NEW YORK (AP) — The stock market had its worst day of the year so far, extending a January slump.
Stocks dropped Monday as falling oil prices pushed down energy stocks. The prospect of the Federal Reserve further cutting back on its economic stimulus also weighed on the market.
Stocks are falling back this year after exceptional gains pushed the market to record levels in 2013. Investors' confidence that the economy was recovering was jolted Friday by a weak employment report that showed far fewer jobs were added in December than economists had forecast.
Unlike last year, investors have so far been reluctant to buy stocks when the market has slumped. Instead they appear to be waiting for more news before committing, said Peter Cardillo, chief market economist at Rockwell Global Capital.
"At these high levels, people aren't going to step in" until they get more evidence of earnings growth or better economic news, Cardillo said. "Until that happens, who's going to step up to the plate?"
The Standard & Poor's 500 index dropped 23.17 points, or 1.3 percent, to 1,819.20, the biggest decline for the index since Nov. 7. After surging almost 30 percent last year, the S&P 500 index is down 1.6 percent in January.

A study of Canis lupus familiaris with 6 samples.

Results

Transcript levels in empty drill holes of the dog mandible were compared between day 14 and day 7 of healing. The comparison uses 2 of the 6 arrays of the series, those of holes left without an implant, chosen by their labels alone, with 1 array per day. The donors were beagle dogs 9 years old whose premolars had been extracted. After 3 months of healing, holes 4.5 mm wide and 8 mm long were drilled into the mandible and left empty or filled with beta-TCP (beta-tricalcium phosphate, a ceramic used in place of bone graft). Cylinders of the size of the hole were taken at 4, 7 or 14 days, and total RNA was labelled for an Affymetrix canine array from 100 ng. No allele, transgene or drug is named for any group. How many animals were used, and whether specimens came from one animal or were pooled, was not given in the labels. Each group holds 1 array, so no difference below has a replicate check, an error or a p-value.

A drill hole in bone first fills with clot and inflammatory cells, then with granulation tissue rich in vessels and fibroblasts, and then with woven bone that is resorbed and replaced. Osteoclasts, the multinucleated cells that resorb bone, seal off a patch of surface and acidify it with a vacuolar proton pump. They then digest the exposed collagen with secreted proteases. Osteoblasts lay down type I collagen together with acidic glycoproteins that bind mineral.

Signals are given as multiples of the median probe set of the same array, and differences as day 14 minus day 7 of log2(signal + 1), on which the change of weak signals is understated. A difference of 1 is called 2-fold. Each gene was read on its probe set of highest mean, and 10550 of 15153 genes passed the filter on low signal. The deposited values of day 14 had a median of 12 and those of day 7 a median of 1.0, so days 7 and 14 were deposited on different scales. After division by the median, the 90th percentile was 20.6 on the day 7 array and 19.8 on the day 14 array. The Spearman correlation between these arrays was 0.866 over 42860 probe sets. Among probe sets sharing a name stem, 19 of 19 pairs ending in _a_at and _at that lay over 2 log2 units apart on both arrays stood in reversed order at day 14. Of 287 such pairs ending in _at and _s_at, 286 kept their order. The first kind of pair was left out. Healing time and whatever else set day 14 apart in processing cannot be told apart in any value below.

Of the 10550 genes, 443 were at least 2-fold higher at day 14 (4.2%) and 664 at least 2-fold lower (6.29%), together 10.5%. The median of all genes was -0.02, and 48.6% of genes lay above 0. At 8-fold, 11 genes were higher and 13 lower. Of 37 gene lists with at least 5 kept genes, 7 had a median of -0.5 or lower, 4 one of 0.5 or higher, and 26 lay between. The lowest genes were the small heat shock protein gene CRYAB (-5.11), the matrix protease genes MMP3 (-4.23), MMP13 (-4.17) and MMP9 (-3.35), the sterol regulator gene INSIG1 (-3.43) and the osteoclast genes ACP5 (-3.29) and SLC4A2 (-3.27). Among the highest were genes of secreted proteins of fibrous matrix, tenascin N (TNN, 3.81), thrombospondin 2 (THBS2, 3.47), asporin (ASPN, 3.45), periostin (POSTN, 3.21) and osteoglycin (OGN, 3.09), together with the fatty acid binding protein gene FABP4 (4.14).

The Dow Jones industrial average fell 179.11 points, or 1.1 percent, to 16,257.94. The Nasdaq composite dropped 61.36 points, or 1.5 percent, to 4,113.30.
All 10 sectors in the S&P 500 fell.
Energy stocks were among the biggest decliners, dropping 1.9 percent after the price of oil slumped close to its lowest in eight months. Exxon Mobil fell $1.97, or 2 percent, to $98.55.
Oil fell 92 cents, or 1 percent, to $91.80 a barrel as Libyan production continued to ramp up and the possibility of increased crude exports from Iran raised the prospects of excess supply on global markets.
Investors are also worried about more cuts to the Federal Reserve's big economic stimulus program.
Dennis Lockhart, the President of the Federal Reserve's Atlanta branch, said Monday that he would support further cuts "over the course of this year" if the economy continued to improve. Policymakers said in December that they intended to reduce their purchases of bonds by $10 billion a month to $75 billion a month. The Fed's stimulus was a key driver of the market's rally last year.